Social Innovation Stories


Supporting the UK healthcare system during Covid-19

Temporary health and social care workers will always be needed, and the Covid-19 crisis has proven the unique value that specialist healthcare recruiters bring to the NHS and the wider social care sector. The REC, UK’s recruitment industry body, and its members active in staffing the health and social care sector, took several actions during the crisis to support the national healthcare system and ensure adequate protection of its workers.

  • #Fair Recruitment & Migration

  • #Decent Work & Fighting Informality

  • #Labour Market Regulation & Diverse Forms of Work

  • #Covid19

The challenge

In 2020 the healthcare sector in the United Kingdom has faced its toughest challenge since the founding of the National Health Service (NHS). Staff on the ground, whether substantive or temporary workers, have all worked heroically to deal with the coronavirus (Covid-19) pandemic.

However, even before the Covid-19 crisis, the NHS was already dealing with chronic workforce shortages; with 100,000 vacancies, including 40,000 in nursing and 120,000 in adult social care.

Staffing agencies have been critical partners to the NHS for decades and have provided vital support during workforce shortages. However, it was essential that agencies were not seen to be profiteering from the crisis.

In addition, half (48%) of specialist recruiters flagged concerns about the lack of adequate protection for temporary workers in the NHS and sought to ensure that they were provided with the right Personal Protective Equipment (PPE), health & safety risk assessments and access to testing.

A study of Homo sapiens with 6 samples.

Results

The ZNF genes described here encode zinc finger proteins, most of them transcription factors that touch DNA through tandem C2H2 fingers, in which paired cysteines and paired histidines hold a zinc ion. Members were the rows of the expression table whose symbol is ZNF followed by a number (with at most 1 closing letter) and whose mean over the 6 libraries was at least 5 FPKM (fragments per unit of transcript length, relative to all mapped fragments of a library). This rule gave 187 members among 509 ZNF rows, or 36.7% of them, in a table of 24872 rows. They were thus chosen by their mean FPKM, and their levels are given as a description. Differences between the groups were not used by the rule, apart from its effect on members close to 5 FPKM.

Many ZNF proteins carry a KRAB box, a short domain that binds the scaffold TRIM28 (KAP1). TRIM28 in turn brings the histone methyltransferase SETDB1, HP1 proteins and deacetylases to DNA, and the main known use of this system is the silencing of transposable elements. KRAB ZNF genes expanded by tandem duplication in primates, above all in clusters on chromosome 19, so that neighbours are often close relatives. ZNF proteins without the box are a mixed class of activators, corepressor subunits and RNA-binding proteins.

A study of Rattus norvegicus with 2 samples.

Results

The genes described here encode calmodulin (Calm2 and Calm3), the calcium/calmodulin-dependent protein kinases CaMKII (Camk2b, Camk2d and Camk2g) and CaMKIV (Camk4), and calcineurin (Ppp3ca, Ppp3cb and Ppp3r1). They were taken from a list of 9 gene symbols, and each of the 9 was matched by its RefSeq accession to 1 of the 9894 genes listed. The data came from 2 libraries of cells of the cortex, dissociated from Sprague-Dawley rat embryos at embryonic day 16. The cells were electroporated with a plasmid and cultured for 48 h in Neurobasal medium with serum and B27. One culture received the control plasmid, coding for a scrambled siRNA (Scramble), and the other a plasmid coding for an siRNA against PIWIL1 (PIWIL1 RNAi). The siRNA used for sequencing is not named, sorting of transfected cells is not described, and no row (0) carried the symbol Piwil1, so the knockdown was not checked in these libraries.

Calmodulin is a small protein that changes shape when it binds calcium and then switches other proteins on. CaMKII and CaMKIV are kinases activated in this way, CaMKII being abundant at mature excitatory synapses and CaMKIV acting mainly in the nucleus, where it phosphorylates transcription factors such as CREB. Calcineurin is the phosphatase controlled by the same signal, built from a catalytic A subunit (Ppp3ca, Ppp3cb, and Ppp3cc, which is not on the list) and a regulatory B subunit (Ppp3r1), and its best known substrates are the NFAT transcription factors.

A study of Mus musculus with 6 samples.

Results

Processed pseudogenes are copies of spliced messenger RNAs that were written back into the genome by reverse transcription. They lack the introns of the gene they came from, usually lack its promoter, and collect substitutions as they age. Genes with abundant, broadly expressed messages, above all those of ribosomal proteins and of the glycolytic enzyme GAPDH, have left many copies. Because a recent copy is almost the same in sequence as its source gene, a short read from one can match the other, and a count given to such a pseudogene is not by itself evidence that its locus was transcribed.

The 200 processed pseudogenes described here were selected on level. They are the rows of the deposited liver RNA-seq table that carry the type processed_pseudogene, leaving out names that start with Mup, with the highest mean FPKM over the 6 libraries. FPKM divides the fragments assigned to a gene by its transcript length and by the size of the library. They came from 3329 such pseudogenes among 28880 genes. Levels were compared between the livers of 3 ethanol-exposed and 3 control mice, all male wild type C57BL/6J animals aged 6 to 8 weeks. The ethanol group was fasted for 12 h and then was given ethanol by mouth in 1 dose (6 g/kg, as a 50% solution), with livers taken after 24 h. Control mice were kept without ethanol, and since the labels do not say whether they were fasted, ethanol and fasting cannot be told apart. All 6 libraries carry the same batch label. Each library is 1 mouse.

The REC, UK’s recruitment industry body, has well-established relationships with the NHS and the Department of Health and Social Care; as well as with the NHS framework providers. From the start of the Covid-19 pandemic, the REC worked closely with them to ensure that the voice of the recruitment sector was heard, that framework terms were favourable to its members and that legal and regulatory requirements were complied with to protect all workers, patients, and the public.

The REC issued a Healthcare Manifesto, setting out a roadmap for how specialist health and social care recruiters can help at this time of national emergency. The Manifesto outlined 4 steps which would help bridge staffing shortages and ensure that recruitment professionals are partners to the sector during the Covid-19 crisis and in its aftermath. The Manifesto also formed the basis of REC’s discussions with key stakeholders, and in calls for a formal partnership agreement between the REC and the Department of Health and Social Care.

The REC also wrote to the Competition and Markets Authority (CMA) to re-iterate the commitment that the REC would not tolerate profiteering from the crisis, and that so-called ‘coronavirus rate cards’ are unacceptable.

Temporary staff adhere to the same rigorous infection control guidelines as permanent colleagues and have an equal right to PPE and testing. But with a lack of adequate PPE at the start of the pandemic, many agencies worried that substantive staff were being unfairly prioritised. The REC urged the government to ensure this equal access in April and called out the lack of clarity in government guidance for care homes. Agencies have done everything they can to control the spread of coronavirus.

Key numbers


nursing and medical vacancies, and other support roles, filled by agency staff every quarter


At the start of the pandemic the Minister of State for Care Helen Whately MP wrote a letter to healthcare recruitment agencies, calling upon them to work in constructive partnership with the NHS during the coronavirus (COVID-19) pandemic.

NHS Improvement have reported that there is record framework and price cap compliance from agencies. In order to supply staff to the NHS, recruitment agencies must bid to be on an approved NHS framework and adhere to strict compliance standards. Furthermore, price caps and controls were introduced in 2015 in order to limit spending on agency staff.

The REC set up a Covid-19 hub on our website, with a dedicated page to Health & Social Care. This included the latest updates and ‘frequently asked questions’ for members, as well as advice on issues such as Right to Work and identity checks, criminal records checks, Statutory Sick Pay, Health & Safety requirements and the Coronavirus Job Retention Scheme. Webinars were also organised for REC members.